Employment Services for Ex-Offenders, 1981-1984: Boston, Chicago, and San Diego (ICPSR 8619)

Published: Jan 18, 2006

Principal Investigator(s):
Raymond H. Milkman


Version V2

This study was conducted to test whether job counseling and placement services, accompanied by intensive follow-up after placement, would significantly increase the effectiveness of employment programs for individuals recently released from prison. Data were collected on personal, criminal, and employment backgrounds, including the type, duration, and pay of previous employment, living arrangements, marital status, criminal history, and characteristics of the employment placement.

Milkman, Raymond H. Employment Services for Ex-Offenders, 1981-1984:  Boston, Chicago, and San Diego. Ann Arbor, MI: Inter-university Consortium for Political and Social Research [distributor], 2006-01-18. https://doi.org/10.3886/ICPSR08619.v2

Export Citation:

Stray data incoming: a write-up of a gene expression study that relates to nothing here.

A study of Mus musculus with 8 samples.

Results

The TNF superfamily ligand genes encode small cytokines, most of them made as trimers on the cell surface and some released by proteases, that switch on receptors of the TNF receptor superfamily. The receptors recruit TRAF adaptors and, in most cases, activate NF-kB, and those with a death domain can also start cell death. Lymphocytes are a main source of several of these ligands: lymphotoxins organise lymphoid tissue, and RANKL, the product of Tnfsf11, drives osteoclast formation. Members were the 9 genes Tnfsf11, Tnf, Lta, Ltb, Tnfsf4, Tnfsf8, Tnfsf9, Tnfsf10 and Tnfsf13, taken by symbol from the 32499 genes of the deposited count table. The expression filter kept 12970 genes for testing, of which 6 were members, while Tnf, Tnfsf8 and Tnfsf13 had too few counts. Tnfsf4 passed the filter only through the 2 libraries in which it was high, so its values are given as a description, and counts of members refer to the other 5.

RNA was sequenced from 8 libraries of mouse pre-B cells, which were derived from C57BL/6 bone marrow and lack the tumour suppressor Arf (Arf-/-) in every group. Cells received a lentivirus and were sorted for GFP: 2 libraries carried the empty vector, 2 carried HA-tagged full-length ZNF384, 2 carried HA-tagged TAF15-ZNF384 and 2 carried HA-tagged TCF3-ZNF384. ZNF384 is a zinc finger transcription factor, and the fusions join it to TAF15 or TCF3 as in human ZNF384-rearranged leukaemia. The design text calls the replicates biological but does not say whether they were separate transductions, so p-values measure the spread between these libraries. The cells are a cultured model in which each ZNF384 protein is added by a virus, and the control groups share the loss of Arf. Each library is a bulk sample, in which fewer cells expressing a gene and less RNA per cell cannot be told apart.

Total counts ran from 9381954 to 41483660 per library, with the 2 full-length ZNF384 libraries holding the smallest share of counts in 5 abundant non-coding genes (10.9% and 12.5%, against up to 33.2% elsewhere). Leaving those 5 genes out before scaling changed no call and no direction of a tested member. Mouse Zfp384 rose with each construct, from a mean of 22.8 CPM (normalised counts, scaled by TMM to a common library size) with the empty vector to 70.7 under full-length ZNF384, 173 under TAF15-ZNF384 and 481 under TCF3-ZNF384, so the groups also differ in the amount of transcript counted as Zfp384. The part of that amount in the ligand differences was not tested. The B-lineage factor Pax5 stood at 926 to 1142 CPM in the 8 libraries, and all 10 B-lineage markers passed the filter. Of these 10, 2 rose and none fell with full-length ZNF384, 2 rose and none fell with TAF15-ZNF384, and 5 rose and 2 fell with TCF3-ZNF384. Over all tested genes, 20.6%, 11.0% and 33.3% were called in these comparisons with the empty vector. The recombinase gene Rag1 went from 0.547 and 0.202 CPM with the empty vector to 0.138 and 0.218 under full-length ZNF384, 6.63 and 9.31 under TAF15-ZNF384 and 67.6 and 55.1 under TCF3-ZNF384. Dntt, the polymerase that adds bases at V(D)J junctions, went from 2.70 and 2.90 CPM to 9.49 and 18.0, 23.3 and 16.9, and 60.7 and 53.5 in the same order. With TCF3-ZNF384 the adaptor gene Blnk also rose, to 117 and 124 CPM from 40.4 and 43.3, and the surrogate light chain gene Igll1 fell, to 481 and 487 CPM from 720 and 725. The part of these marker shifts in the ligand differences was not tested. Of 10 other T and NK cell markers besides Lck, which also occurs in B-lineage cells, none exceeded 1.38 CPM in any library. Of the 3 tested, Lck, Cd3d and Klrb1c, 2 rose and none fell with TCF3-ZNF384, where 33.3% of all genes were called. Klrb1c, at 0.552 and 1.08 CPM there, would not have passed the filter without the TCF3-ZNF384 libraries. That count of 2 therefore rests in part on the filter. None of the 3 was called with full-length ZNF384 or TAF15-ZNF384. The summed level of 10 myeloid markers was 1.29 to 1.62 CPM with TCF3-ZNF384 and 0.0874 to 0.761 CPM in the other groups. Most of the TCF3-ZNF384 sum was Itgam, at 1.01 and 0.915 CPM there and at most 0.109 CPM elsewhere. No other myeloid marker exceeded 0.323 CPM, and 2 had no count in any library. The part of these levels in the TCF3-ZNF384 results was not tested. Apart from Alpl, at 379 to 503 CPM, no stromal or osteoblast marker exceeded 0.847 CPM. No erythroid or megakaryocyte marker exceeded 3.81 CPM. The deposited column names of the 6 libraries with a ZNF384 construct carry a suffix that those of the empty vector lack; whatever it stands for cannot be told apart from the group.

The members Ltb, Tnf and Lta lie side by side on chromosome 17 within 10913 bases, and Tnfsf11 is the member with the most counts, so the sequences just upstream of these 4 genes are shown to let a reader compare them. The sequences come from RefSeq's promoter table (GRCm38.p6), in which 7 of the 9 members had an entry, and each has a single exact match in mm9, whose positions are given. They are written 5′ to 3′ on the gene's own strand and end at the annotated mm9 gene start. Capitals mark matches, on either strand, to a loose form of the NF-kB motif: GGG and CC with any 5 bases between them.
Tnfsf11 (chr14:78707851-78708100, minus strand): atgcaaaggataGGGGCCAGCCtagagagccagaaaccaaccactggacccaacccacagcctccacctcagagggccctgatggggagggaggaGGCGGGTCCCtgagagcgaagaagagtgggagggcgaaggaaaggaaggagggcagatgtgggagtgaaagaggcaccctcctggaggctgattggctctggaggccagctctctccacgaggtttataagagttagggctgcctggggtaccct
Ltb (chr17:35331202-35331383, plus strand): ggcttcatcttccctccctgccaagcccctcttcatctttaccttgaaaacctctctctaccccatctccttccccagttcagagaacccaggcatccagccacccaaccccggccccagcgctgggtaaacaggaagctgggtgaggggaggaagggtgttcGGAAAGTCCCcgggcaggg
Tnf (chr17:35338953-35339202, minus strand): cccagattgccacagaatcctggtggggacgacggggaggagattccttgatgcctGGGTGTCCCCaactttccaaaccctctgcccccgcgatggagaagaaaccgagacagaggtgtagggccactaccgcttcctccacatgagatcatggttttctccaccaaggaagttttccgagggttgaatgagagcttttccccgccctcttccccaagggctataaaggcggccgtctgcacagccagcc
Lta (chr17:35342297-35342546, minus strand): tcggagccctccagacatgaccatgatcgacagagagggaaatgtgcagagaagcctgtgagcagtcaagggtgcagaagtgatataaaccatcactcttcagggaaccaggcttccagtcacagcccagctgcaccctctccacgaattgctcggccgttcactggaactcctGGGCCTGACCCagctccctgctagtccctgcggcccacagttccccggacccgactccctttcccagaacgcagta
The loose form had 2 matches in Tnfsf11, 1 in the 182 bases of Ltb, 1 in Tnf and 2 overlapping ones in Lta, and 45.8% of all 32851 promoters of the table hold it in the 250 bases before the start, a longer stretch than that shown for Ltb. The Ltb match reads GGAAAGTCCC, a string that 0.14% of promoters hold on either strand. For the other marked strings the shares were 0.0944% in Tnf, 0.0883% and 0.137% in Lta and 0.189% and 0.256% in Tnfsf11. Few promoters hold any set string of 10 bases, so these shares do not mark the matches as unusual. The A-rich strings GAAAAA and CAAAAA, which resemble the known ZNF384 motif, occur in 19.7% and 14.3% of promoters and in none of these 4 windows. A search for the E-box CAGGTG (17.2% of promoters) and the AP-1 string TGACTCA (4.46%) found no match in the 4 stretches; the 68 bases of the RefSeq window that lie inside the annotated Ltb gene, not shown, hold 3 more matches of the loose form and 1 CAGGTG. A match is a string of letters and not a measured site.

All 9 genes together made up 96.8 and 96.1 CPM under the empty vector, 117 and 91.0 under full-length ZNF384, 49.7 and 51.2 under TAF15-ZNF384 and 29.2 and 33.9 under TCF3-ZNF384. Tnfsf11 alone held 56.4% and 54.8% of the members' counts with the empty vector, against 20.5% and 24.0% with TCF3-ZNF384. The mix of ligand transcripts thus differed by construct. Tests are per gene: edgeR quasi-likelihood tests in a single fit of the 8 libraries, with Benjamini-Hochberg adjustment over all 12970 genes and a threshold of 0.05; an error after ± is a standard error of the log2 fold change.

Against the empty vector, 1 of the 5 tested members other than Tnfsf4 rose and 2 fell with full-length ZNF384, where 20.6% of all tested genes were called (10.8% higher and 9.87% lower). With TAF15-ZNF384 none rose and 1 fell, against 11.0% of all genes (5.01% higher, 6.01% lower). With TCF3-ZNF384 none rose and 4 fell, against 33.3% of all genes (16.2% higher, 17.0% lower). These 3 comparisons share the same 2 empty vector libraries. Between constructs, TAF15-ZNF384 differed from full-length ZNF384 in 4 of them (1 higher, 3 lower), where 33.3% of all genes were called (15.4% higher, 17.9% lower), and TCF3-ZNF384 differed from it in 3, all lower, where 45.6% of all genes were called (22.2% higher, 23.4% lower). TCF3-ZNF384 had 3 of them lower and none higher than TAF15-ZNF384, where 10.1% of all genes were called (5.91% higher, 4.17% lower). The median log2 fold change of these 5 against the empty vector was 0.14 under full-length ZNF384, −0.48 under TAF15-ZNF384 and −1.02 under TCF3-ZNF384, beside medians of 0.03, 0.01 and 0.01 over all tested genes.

• RIS (generic format for RefWorks, EndNote, etc.)
  • EndNote

United States Department of Justice. Office of Justice Programs. National Institute of Justice (80-IJ-CX-KO13)

1981 -- 1984

1981 -- 1984

Random sample.

Offenders released from federal, state, or local adult correctional facilities in Massachusetts, California, and Illinois.

official criminal justice agency records, and self-enumerated questionnaires

event/transaction data

survey data



2006-01-18 File CB8619.ALL.PDF was removed from any previous datasets and flagged as a study-level file, so that it will accompany all downloads.

2001-03-15 A PDF codebook is now available for this collection.


  • The public-use data files in this collection are available for access by the general public. Access does not require affiliation with an ICPSR member institution.

NACJD logo

This dataset is maintained and distributed by the National Archive of Criminal Justice Data (NACJD), the criminal justice archive within ICPSR. NACJD is primarily sponsored by three agencies within the U.S. Department of Justice: the Bureau of Justice Statistics, the National Institute of Justice, and the Office of Juvenile Justice and Delinquency Prevention.